This tendency to use past events to predict future success shows up as you pick investments based on the holdings' recent performance (aka chasing returns).
For example, perhaps you once picked a fabulous oil and gas stock or fund that was performing exceptionally well. Scrutinize your portfolio now and you see that your energy holding disappoints you. Some people, figuring that energy investments will continue to crater, might sell.
A decline in your investment today doesn't necessarily mean you chose poorly; in fact, this might be a good time to buy more of the same stock. Short-term trading can net big gains or big losses. Returns on stock indexes such as the Standard & Poor's 500, however, show steady gain over time.
We all seek out information that supports our own view on a subject. How does that affect us in investing? When you like a specific investment, you tend to read or listen to only positive information about that investment or company.
For example, you may think gold is a good investment because you believe that inflation is about to kick in (a possible fallacy, by the way). Naturally you read and remember only news articles and other reports supporting gold's importance as prices rise.
We tend to recall bad memories instead of pleasant ones. So when we hear bad news — about, say, a down day on Wall Street — we often give that information more credence. This bias can devastate your investing; you might be inclined to sell on the market dips, hurting your returns.
To help avoid the effects of this bias, set an investing plan and stick to it. The market remains unpredictable, and be leery of anyone who says otherwise. If you need guidance, seek a professional adviser.
Often, people simply follow the group. Remember investing fraudster Bernie Madoff, whose investment firm was hugely popular among the wealthy set, or the dot-com bubble that temporarily inflated technology equities in the late 1990s? Investors flocked to both, and paid the price.
Always research an investment before handing your money over. Sources of important information include:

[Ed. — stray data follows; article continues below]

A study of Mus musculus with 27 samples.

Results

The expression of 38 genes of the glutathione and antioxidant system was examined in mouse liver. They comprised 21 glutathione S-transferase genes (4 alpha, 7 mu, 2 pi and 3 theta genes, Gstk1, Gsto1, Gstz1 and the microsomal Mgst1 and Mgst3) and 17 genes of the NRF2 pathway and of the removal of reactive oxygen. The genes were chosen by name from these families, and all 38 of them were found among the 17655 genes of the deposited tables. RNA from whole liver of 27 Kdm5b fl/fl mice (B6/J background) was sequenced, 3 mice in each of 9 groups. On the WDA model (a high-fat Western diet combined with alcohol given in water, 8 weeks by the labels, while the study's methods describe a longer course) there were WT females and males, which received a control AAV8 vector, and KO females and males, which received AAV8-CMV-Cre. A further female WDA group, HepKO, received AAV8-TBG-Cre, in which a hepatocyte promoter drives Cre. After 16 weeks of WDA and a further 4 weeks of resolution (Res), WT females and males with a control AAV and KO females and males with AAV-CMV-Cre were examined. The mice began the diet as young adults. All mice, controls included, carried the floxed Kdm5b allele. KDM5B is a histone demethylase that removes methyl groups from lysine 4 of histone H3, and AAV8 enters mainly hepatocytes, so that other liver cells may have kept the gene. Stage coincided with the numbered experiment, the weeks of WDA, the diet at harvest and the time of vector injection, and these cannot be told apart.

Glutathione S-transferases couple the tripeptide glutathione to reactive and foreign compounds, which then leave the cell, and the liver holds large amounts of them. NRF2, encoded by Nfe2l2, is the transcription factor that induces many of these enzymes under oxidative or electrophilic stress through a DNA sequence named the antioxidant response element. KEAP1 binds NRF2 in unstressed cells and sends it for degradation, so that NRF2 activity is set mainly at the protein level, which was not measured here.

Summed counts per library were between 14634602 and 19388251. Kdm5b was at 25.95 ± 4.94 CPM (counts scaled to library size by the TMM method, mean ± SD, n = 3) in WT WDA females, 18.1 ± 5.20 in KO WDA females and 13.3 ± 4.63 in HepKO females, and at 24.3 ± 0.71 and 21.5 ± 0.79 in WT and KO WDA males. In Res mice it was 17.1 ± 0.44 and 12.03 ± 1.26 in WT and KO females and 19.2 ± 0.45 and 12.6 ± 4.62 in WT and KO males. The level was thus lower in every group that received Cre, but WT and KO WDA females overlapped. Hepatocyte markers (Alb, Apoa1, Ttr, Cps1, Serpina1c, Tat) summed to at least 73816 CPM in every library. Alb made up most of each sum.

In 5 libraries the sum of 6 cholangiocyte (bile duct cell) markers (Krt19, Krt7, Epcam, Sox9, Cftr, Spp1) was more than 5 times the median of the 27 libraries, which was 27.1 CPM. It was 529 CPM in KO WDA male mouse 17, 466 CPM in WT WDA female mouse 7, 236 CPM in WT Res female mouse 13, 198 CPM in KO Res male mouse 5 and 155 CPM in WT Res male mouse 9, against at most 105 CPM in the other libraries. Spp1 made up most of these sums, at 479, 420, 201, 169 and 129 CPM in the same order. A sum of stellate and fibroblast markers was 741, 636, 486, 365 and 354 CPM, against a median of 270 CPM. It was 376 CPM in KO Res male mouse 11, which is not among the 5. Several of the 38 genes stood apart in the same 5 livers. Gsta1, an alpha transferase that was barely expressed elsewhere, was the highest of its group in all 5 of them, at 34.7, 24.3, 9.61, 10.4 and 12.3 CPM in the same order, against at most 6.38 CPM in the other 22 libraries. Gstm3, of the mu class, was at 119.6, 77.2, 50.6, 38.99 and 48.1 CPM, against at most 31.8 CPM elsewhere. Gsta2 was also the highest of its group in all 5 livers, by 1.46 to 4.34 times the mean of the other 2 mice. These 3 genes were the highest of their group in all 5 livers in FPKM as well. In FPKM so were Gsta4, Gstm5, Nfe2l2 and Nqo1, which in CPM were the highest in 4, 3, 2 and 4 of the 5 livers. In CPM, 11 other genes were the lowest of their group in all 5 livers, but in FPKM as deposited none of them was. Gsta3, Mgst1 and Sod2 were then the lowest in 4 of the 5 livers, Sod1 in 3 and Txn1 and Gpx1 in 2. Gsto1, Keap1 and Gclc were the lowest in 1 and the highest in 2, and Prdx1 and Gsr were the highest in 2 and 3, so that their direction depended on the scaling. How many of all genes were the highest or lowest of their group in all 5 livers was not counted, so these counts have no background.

Yahoo Finance, where you can find a stock's ticker symbol as well as the current and historical share price and the equity's recent performance, among other details.
The U.S. Securities and Exchange Commission's EDGAR database helps you locate companies' annual reports, prospectuses and other background documents.
If the company's operations don't make sense, you probably shouldn't put your money in the stock. Also, remember that if everyone else invests in a hot or well-publicized stock, the equity might quickly become overvalued, reflecting optimism rather than fundamental quality.
Again, seek a professional adviser if you need help.
Ever been absolutely sure that you were right about something and eventually discover that you were wrong? Of course you have — and you're not the only one convinced you can pick a winner stock or outsmart Wall Street. Some professional fund managers think they have extraordinary gifts.
Don't let overconfidence fuel impulsive investments. Create a well-allocated, diversified portfolio based on your individual needs and risk tolerance, and rebalance your holdings regularly and with discipline. Research also shows that overconfident investors tend to trade more often, increasing trade fees.
In general, we're highly loss averse, feeling a loss 2 ½ times more strongly than we feel gains. Rather than risk a loss, we tend to become paralyzed. Again: Diversify your portfolio, exercise discipline when investing and try to leave your emotions and harmful behaviors out of the market.
Kathryn S. Allen, a partner with Aspen Wealth Management in Fort Worth, Texas, writes for AdviceIQ.